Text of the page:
Grundfos and Siemens violate EU sanctions, propping up Russia’s occupation of Crimea
The Danish company Grundfos appears to have both collaborated with Germany’s Siemens in producing water pumps for Russian-occupied Crimea and learned from the German company how to issue wide-eyed denials of any breach of EU sanctions. Since Siemens has already used the same method to enable Russia to get gas turbines for Crimea, the EU is proving frustratingly indifferent to methods of bypassing critically important sanctions.
It was the Russian Scanner Project who
The Russian media claim that only Russian technology was used, Siemens that it has complied with EU sanctions, and Grundfos Vice President Peter Trillingsgaard that “they are not aware of deliveries to Crimea.” Judging by Trillingsgaard’s comments, Grundfos’s position appears to be that they had no suspicions and therefore did not “request identification of the end-user”.
Siemens does extract ‘an end-user certificate’ which names the customer and “the final user of the equipment”. As a Moscow-based lawyer, Thomas Heidemann, explained to DW: "The European supplier then files away this end-user certificate and can show it did everything possible to prevent a sanctions violation."
All of this is worryingly reminiscent of the manner by which Siemens gas turbines ended up in occupied Crimea despite EU sanctions and repeated warnings that this was exactly where the turbines were headed. Reports in prominent Russian and international media even detailed the method that was being used, yet Siemens still continued to repeat, mantra-like, that it complied with EU sanctions and knew nothing of any violations, until the turbines were photographed already in occupied Crimea. The claim of ignorance was especially pitiful given that Siemens’ Russian subsidiary was supposedly sending the four gas turbines instead to a non-existent power plant. These turbines are now helping Moscow’s militarization of illegally occupied territory.
Grundfos also has a Russian subsidiary, Grundfos Istra, however the latter has not replied to DW’s request for information and Trillingsgaard is adamant that his company does not know how its pumps came to be in Crimea.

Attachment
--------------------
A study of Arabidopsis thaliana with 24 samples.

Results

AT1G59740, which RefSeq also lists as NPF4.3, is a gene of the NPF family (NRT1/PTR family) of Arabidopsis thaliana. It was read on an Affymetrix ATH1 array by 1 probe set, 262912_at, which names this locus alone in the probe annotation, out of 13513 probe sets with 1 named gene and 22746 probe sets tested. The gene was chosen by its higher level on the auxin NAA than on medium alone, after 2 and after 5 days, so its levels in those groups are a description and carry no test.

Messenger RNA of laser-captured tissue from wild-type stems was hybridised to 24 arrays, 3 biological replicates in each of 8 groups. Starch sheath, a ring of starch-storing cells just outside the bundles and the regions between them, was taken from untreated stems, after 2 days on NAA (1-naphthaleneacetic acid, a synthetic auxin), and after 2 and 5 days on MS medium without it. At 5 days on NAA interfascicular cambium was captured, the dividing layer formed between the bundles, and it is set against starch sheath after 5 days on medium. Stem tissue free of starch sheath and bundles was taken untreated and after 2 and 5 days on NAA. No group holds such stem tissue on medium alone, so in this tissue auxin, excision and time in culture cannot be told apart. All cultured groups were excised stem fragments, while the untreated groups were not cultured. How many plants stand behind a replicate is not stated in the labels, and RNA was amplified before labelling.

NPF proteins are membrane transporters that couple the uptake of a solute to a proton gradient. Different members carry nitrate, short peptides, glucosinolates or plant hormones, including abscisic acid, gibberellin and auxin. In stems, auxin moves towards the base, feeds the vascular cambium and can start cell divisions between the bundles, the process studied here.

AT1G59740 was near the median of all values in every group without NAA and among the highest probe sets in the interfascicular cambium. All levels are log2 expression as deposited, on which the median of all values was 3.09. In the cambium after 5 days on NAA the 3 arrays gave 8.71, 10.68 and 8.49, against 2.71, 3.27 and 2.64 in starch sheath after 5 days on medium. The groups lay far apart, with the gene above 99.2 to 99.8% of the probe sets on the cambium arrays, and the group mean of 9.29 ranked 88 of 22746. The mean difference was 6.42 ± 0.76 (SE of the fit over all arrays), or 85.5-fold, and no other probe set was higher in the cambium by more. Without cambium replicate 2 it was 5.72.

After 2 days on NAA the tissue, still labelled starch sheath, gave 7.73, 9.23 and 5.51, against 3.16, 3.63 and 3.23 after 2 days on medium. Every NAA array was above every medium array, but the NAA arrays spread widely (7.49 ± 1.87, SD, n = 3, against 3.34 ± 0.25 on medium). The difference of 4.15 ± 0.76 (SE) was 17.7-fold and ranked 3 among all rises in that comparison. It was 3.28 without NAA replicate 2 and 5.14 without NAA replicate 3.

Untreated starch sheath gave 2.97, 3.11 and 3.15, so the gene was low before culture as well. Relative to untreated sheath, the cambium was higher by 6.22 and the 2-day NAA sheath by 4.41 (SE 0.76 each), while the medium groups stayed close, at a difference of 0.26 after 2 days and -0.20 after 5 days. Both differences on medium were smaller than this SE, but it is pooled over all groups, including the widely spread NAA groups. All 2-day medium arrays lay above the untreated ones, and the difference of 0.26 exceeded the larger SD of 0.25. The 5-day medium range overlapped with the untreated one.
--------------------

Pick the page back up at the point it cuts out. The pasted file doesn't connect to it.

Judging by Heidemann’s explanation, the ‘how’ is not difficult to understand. He asserts that a company’s Russian subsidiary cannot demand that customers even provide an end-user document stating that the product will not be used in Crimea. He also makes the following statement: “When delivering machines, the European supplier must observe the European sanctions. If it does not, it is not permitted to ship the goods. It is usually possible to deliver to a Russian subsidiary,"
Why is it usually possible? Because the understanding is that nobody asks inconvenient questions?
Boris Babin, former Presidential Representative on Crimea,
DW reports that the Danish authorities are examining whether Grundfos knew of the shipments and was in violation of EU sanctions.
Very good, however the German prosecutor was reported to have initiated an investigation back in July 2017 after the Siemens turbines were delivered to Crimea. Over a year later, in November 2018, Reuters
The present case is less obvious, but the same general mechanism would seem to have been used. If Heidermann is correct and Russian companies can legally refuse to divulge information about machines, etc., headed for Crimea, then the current sanctions system needs to be significantly tightened.